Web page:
Ann Craft Trust New measures brought in relating to forced marriage and people with learning disabilities have been welcomed by the Ann Craft Trust (ACT), but the charity stresses that the growing number of victims with learning disabilities should not be forgotten. 

ACT also welcomes the importance of both criminal and civil aspects to the act which afford victims of forced marriage a choice based on their need and circumstances.

The Anti-Social Behaviour, Crime and Policing Bill became an Act of Parliament in March 2014. Under the Act, forcing someone to marry and breaching a Forced Marriage Protection Order will become criminal offences. The new offences take effect from June 16. The offences carry maximum penalties of seven years for committing a forced marriage offence and five years for breach of a Forced Marriage Protection Order.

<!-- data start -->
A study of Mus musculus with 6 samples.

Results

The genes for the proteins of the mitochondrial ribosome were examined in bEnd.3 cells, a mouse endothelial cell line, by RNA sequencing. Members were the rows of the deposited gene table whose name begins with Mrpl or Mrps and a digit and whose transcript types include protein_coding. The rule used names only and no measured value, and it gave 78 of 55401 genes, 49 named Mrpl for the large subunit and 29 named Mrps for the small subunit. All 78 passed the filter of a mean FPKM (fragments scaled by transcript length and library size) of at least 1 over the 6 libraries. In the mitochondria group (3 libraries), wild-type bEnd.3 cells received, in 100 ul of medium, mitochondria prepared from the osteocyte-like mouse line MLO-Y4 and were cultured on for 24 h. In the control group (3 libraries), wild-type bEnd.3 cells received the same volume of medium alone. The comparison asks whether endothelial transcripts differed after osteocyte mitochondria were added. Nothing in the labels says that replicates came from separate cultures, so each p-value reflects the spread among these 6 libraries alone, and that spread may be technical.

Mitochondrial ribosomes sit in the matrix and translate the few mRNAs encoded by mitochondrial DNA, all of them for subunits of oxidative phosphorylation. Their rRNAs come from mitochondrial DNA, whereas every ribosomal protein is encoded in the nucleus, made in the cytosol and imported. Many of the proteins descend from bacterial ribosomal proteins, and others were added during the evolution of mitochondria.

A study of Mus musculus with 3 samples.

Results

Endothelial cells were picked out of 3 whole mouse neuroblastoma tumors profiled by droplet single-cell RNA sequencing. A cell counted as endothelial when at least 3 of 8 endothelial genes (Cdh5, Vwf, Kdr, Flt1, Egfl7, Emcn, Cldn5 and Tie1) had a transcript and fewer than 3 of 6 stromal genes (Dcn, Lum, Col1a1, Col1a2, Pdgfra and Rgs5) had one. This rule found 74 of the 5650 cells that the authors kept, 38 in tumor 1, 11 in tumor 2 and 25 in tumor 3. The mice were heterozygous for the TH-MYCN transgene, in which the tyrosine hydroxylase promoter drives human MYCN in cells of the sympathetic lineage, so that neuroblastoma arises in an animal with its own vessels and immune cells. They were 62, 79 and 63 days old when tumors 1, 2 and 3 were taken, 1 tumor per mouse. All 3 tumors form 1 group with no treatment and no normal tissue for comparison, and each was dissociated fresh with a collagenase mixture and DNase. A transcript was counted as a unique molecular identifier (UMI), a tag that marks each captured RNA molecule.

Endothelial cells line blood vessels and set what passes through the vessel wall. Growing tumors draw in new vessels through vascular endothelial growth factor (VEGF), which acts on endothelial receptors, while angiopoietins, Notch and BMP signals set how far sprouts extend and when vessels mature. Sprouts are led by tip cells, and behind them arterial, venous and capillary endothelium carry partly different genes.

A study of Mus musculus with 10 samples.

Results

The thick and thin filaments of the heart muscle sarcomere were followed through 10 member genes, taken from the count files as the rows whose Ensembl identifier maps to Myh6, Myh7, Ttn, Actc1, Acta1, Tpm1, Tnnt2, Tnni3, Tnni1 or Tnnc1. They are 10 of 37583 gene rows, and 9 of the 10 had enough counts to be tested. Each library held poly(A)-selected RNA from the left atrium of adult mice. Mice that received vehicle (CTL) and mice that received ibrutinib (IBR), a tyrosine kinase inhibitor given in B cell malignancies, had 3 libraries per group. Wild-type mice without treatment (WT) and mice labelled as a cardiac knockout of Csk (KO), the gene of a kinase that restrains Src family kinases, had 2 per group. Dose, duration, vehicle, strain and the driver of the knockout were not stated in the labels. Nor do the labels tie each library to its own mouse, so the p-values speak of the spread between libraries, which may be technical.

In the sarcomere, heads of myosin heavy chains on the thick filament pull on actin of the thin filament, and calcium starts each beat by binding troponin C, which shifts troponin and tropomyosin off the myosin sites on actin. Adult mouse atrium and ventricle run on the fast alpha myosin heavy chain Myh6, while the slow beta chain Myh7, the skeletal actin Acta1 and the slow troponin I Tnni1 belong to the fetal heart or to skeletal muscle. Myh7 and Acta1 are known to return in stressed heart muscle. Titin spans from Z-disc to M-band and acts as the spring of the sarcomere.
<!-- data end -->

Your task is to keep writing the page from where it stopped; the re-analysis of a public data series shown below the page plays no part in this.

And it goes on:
As a result, social workers, police and policy makers need to include the needs of people with learning disabilities when considering how the new legislation will impact upon their practice. Victims are now in a position to choose either the civil remedy of obtaining a Forced Marriage Protection Order or the criminal route. Although ACT noted that many people with learning disabilities will need support in order to make the right decision to meet their needs. 

Deborah Kitson, ACT’s CEO, said: “Continued education, training and balanced media coverage will be crucial in both raising awareness and giving professionals the information and skills they require to properly safeguard those at risk.”

Having worked closely with ACT on a number of forced marriage projects the University of Nottingham’s Rachael Clawson, who has conducted research in this area, added: “The new legislation sends out a clear message that forced marriage is an abuse of human rights and will not be tolerated. It remains to be seen however how people with learning disabilities will be supported to make use of it.”